The week in IR: From Woodford’s ills to issues of a Sanders presidency
At the start of the week, Neil Woodford’s Patient Capital Trust, a constituent of London’s FTSE 250 Index, fell as much as 20 percent in early trading before closing 7.2 percent lower at 71p a share, reported The Guardian. Investors were shocked by news on Monday that the UK’s most famous fund manager had suspended trading in his Equity Income Fund so that thousands of investors could not take out their money for at least 28 days. By the end of the week the Financial Times reported that investors had abandoned his funds in droves.
European shares fell on Tuesday as the first US antitrust action against Google and other major technology companies drove down equivalent companies in Europe, following losses on Wall Street and in Asian markets, reported Reuters.
US President Donald Trump’s tariffs could reverse the benefits of any tax cuts, completely clouding the US economic picture, reported The New York Times. And Bloomberg reported a warning from JPMorgan that US stocks could be hit even worse than anticipated due to the tariffs.
On Wednesday it was reported by The Telegraph that Royal Dutch Shell promised to hand back $125 bn (£100 bn) to shareholders between 2021 and 2025 through dividends or share buybacks.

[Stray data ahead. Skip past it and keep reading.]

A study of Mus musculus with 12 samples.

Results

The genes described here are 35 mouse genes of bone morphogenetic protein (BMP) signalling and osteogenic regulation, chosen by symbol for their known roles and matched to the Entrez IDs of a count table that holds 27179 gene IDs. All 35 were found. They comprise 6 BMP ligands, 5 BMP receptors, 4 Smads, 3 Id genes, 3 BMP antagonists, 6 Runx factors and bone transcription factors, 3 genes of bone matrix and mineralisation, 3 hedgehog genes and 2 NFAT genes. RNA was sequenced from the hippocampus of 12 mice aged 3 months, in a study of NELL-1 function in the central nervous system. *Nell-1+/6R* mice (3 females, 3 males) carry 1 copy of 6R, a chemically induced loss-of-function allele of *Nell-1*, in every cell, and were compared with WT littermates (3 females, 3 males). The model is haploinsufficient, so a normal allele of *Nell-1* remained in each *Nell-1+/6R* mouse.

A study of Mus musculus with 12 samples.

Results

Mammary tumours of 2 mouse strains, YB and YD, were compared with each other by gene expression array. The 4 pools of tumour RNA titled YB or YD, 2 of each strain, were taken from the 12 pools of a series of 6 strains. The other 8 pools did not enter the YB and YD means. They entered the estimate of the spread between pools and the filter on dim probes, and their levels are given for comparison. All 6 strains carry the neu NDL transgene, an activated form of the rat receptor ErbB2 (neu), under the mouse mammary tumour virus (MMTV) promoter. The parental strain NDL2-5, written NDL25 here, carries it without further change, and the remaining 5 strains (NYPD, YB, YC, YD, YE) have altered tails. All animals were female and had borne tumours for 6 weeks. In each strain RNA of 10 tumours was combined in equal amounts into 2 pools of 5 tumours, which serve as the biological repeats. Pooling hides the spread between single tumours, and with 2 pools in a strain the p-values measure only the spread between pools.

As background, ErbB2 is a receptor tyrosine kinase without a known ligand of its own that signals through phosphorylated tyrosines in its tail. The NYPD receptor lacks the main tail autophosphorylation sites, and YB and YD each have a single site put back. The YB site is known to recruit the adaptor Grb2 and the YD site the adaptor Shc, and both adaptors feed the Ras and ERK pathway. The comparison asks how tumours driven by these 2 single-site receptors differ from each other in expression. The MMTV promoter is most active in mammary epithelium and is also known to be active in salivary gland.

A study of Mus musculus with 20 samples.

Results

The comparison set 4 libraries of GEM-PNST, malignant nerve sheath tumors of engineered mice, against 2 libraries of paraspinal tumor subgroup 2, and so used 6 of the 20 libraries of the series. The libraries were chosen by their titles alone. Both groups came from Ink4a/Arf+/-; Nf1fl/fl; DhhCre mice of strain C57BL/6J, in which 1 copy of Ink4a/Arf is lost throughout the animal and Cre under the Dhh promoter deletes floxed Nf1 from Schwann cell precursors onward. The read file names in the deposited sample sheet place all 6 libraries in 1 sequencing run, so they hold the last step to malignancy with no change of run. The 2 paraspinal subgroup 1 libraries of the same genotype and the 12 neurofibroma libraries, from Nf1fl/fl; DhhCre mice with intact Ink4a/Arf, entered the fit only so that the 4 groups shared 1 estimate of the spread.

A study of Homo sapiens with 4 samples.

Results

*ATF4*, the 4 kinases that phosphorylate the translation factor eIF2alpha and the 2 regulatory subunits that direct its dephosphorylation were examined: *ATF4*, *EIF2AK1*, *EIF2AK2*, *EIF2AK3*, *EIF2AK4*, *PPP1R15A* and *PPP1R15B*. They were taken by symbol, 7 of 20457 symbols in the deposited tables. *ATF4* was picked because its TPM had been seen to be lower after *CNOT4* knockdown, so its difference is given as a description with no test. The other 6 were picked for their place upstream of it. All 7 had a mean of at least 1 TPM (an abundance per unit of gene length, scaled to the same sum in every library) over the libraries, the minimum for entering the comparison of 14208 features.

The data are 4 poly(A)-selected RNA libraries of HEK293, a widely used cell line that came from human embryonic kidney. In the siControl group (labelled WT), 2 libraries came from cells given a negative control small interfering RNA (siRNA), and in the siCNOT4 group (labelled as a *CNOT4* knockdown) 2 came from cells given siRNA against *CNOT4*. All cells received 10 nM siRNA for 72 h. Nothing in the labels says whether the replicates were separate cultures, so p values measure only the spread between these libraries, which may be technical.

Tech stocks’ days of wonder are over, according to Iowa-based Principal Global Investors’ Seema Shah, who manages $442 bn, reported Bloomberg.
Russia embraced the Chinese telecommunications giant Huawei to develop part of its wireless technology, after the tech firm was ostracized by President Trump, reported the NYT. Later in the week, Ian Levy, technical director of the UK’s National Cyber Security Center, warned that the Chinese company needs to raise its ‘shoddy’ security standards, which, he said, falls below rivals’, reported The Guardian.
On Thursday, CNBC reported that the global head of sovereign ratings at Fitch said he feared the US-China trade dispute will not be resolved soon.
Citigroup revealed it was bullish on Australian stocks, which it said had defied a sluggish economy to rally this year, with further opportunity to keep going on an upward trajectory, according to Bloomberg.
US employers put hiring on something of a hold in May, adding just 75,000 jobs – well below the 180,000 expected – indicating that companies are taking a more restrained approach at a time of potentially slowing global growth and continuing trade tensions, according to the WSJ.
On Friday, Reuters reported that the FTSE 100 was heading for its fifth day of gains with sharp rises in Shell and BP shares.
Elsewhere, billionaire hedge fund manager Stanley Druckenmiller warned that stocks on US markets would fall by 30 percent to 40 percent if Democrat Bernie Sanders is elected US president, reported CNBC.